What is gender neutrality?
Gender neutrality, broadly speaking, refers to practices that do not make a distinction between gender roles. The reason underlying this is to prevent potential discrimination or possibly unintentional exclusion. We are all familiar with traditional social conventions about how women behave or what is expected of men, for example. Gender neutrality seeks to ensure that people are not treated differently because of assumptions that could be made about their gender.
Why is gender neutrality important in writing?
Gender neutrality in writing means one does not refer directly to either sex but rather to people in general. Language can reflect and shape what we understand about gender. It can be used to categorise or order information – including beliefs and ideas about male and female. Language can be a way of perpetuating stereotypes and reinforcing bias and discrimination. Gender neutral writing removes potential for reinforcing positive or negative associations with gender-related issues.
If the content of your writing is targeted at or refers to all people, the language used should do the same (firefighter rather than fireman). Gender neutrality in writing is inclusive and does not lead the reader to make assumptions. It reflects reality because it allows the possibility for all topics and activities to relate to both men and women, rather than suggesting a bias towards one gender and reinforcing stereotypes. In addition, it includes reference to all people, many of whom do not necessarily identify specifically with male or female as a gender.
Empowerment and change
Times change just as language does. Studies have shown that gender-neutral language increases the number of applications for jobs traditionally identified as belonging to one gender, for example. It undoes age-old stereotypes that perpetuate discrimination while at the same time educating others and expanding their world views. Gender-neutral language affords everyone equal opportunity.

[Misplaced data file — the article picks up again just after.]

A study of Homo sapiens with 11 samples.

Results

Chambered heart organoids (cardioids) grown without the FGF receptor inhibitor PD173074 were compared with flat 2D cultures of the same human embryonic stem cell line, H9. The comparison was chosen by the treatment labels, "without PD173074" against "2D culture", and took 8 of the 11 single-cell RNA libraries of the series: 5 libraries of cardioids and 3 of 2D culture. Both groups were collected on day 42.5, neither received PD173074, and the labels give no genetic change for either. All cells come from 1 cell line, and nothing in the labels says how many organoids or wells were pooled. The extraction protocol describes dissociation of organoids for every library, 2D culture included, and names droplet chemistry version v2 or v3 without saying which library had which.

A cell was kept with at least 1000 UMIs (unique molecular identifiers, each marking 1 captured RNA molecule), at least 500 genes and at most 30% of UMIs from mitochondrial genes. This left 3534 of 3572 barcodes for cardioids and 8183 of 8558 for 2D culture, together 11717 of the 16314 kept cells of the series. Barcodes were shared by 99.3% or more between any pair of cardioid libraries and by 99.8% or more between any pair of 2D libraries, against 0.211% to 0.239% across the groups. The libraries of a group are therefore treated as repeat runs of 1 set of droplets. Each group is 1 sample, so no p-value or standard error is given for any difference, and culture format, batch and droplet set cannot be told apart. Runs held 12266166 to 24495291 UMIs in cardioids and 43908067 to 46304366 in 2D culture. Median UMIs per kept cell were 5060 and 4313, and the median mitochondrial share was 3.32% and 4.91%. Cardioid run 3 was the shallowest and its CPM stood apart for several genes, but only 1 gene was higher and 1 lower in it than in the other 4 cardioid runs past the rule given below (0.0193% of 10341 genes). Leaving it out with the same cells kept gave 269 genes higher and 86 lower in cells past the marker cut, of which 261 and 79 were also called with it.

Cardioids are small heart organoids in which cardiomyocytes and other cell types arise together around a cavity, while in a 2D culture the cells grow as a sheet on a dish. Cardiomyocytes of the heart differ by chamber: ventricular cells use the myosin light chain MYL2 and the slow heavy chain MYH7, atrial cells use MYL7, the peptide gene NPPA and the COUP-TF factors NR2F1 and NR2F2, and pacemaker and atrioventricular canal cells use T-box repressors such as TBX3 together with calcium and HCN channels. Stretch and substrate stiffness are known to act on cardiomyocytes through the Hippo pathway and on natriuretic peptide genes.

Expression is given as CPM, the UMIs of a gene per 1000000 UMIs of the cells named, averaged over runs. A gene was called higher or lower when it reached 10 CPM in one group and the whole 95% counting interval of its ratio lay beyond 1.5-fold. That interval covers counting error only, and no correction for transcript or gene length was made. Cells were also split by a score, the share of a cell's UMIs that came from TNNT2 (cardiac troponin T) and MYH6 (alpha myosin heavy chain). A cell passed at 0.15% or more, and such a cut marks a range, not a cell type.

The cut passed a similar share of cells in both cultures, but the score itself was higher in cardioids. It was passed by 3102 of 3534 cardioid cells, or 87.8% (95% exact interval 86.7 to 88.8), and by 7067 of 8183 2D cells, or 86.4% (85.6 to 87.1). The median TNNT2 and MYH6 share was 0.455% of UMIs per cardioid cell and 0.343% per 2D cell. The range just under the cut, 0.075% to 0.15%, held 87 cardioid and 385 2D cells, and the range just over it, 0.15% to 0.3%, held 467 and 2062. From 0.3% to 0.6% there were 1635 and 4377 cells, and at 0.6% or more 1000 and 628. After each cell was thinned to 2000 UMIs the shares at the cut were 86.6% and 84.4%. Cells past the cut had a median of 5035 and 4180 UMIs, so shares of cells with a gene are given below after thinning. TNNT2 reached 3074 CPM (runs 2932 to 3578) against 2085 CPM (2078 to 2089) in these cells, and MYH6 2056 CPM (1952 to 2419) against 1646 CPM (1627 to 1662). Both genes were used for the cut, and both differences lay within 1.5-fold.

What are the conventions for gender neutrality?
In the English language, we differentiate between feminine and masculine only in the use of single pronouns (he and she). Gender neutrality in English writing is a far easier task than in many other languages across the world (which assign a gender to all nouns, verbs and adjectives). So let’s get on with it and make use of the following conventions:
Use ‘they’ as a single or plural pronoun in place of ‘he’ or ‘she’. The word ‘they’ has been used as a single pronoun as far back as Shakespeare and Jane Austen – it is not clumsy or confusing but has, in fact, stood the test of time. (I won’t ramble on here about male dominance in language (also), but essentially it’s about undoing the tendency to default to ‘he’ and ‘him’ when unsure; just use ‘they’ and ‘them’.)
Words or phrases should be gender neutral
It’s important to be sensitive to words or phrases that, traditionally, have deferred or referred to one gender only and perpetuated beliefs about jobs, tasks, or characteristics specific to the idea of man or woman. Policeman, male nurse, stewardess, female executive, for example, should rather be police officer, nurse, steward and executive. Neutrality in this instance allows all people to consider all possibilities, rather than perpetuating notions of people being suited to specific jobs or duties because of their gender identification, or deliberately casting them as contrary to an old gender norm.
Men have always been a ‘Mr’ but women were obliged to choose a ‘Miss’ if single or a ‘Mrs’ denoting married (to a man – there’s that theme again). This is no longer appropriate or relevant and our status and identities have shifted. If such a title must be used and the individual has not stated their preference, let it be Ms.
“We must raise both the ceiling and the floor.”
This was said by a feminist advocating gender equality (Sheryl Sandberg). Language is a way to do this and we should be committed to its purpose in achieving this – for all people, regardless of gender but also because of it.